Came home to an unmistakable and very unpleasant aroma in the carport the other night. An unfixed male cat had been marking territory. The problem was he was marking my territory – not his.
Things got worse though.
I had thought the fumes in the carport were strong – but I was about to get a lesson on how bad it could get.
Because the cat had gone into the house through a pet door.
It was dark in the kitchen when I opened the back door. But the porch light gave enough light that I could just make out a cat jumping off of the kitchen table.
Cats are very distinctive, one from another. Different ways of holding themselves, different ways of moving. And I knew right away that this was not one of our regular cats.
Then I inhaled and knew for sure there was something seriously wrong here.
This wasn’t the first time this particular cat had gotten into the house. So I’d been leaving the pet door closed lately. There is a plastic door that snaps in place like a Tupperware© lid.
It’s been too cold for the cats to go out, and far too cold outside to have an open hole in the door in the middle of winter.
But this cat had enough of the cold and thought he would come inside to warm up. So he pushed and pushed and pushed some more until the snap on the pet door cover came loose on one side and he was able to just walk on in.
That was probably okay as far as it went. I am not really a cat expert – but this is my theory of what went down over the next couple of hours.
Cats are territorial. There is also a distinct rhythm in how cats interact and if you add a new cat to the mix that dynamic changes.
Stressors happen too. For instance, if a cat doesn’t feel really confident that they have an escape route available then tensions are going to escalate.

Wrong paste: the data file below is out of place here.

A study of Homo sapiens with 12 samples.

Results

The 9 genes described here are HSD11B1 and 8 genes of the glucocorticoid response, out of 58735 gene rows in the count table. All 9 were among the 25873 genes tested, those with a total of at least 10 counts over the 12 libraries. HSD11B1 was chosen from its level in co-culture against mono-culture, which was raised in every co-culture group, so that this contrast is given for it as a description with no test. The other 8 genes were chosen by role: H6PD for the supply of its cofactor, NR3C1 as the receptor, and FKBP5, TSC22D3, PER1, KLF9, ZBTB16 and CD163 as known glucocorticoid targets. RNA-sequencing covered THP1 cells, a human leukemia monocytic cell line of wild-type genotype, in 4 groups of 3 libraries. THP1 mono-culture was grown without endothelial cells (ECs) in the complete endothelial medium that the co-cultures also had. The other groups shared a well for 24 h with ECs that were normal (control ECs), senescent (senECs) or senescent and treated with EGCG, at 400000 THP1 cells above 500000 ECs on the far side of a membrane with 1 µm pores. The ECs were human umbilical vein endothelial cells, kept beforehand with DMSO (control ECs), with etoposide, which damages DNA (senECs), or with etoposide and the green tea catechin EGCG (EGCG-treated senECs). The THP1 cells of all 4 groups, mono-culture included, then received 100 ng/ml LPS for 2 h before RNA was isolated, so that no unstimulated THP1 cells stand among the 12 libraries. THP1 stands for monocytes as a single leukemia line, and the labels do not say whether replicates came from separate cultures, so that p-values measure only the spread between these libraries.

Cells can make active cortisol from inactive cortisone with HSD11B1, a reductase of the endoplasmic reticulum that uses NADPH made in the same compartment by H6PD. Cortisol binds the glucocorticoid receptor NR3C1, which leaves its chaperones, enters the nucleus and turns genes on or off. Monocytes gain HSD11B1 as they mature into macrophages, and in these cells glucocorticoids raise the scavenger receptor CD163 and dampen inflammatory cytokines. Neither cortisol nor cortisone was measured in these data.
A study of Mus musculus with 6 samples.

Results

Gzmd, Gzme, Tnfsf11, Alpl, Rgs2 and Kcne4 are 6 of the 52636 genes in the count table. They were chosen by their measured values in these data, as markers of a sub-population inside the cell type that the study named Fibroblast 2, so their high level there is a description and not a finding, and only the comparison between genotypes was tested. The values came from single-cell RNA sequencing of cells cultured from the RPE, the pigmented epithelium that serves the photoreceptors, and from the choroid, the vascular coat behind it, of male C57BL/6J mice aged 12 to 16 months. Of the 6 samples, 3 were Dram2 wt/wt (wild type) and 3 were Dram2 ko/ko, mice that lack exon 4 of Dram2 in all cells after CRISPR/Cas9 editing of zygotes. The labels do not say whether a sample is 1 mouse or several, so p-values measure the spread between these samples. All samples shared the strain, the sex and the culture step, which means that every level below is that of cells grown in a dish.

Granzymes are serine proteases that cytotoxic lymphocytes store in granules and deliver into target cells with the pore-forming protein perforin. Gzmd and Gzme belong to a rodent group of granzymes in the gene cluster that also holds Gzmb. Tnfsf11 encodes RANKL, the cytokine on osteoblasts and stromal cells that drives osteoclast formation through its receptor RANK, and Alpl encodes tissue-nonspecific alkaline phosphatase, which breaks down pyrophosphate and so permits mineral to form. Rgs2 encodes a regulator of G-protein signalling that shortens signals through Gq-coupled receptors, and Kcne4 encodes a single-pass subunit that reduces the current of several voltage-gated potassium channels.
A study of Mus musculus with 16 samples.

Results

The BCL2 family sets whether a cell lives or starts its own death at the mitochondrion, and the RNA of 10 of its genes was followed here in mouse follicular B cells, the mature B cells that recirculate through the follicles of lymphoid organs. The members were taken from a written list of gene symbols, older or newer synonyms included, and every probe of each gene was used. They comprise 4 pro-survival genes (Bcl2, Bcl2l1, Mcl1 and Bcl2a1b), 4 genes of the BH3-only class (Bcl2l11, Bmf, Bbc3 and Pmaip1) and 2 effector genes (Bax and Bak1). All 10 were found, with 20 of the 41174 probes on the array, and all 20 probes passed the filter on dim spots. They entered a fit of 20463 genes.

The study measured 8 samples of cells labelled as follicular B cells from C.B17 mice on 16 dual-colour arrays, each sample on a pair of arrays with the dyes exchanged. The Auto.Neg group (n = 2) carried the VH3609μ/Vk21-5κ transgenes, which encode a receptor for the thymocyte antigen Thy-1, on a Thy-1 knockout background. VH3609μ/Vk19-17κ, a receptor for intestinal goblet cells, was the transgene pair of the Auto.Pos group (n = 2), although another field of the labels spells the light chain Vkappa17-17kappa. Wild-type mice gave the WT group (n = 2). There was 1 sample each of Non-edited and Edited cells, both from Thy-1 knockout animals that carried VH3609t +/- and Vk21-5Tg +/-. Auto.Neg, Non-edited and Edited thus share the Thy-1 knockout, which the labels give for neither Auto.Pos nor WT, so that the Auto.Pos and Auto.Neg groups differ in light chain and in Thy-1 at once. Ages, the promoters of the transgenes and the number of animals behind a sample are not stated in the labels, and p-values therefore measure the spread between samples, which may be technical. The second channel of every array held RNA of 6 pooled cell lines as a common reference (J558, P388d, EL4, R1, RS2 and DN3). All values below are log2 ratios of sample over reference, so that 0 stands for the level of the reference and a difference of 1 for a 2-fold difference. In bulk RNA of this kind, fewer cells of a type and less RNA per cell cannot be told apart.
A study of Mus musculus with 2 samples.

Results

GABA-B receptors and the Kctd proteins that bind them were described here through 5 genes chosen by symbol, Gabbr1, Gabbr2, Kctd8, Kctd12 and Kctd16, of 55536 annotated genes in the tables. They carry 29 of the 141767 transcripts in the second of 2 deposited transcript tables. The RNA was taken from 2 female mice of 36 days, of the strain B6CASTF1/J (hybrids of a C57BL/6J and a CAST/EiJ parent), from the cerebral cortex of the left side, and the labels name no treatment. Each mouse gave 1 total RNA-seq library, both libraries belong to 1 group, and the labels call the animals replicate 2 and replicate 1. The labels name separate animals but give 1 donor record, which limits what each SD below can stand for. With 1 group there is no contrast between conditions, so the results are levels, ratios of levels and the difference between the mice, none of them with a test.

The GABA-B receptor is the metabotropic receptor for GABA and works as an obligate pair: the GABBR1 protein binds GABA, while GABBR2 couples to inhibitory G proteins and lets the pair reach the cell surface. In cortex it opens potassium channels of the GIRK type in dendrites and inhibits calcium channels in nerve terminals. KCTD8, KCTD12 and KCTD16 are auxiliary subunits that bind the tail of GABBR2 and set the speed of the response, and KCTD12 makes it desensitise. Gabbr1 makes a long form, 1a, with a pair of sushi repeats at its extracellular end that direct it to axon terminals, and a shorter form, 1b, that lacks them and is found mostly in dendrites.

So here was this strange cat in the house – again. When I’d seen him in the house about a month ago I tried to make a rule that if he was going to insist on being indoors in the cold weather then he was going to be in a pet carrier.
The cat didn’t like my idea and we’d had a bit of an argument. He scratched me pretty good and then bolted out the door.
I hadn’t seen much of him since.
But he was definitely back now, with one very significant difference. He couldn’t get back out. The pet door lid was only loose on one side – so the cat had simply pushed it open on his way in but it had swung shut again right behind them.
I was in Beaverdell, and I would be in Beaverdell for at least another couple of hours.
I can only imagine what went on while I was away – but I can definitely tell you what the atmosphere was like when I got home.
The guest cat was evicted again. But the fragrance lingered on.
It is the next morning now. It smells okay – or at least seems to smell okay now.
I am not certain the smell has gone away – perhaps filtered out by the central air heating – or maybe I have just gotten used to it.
Just to be on the safe side, I’ll make a point to stand downwind of everyone for the rest of the day.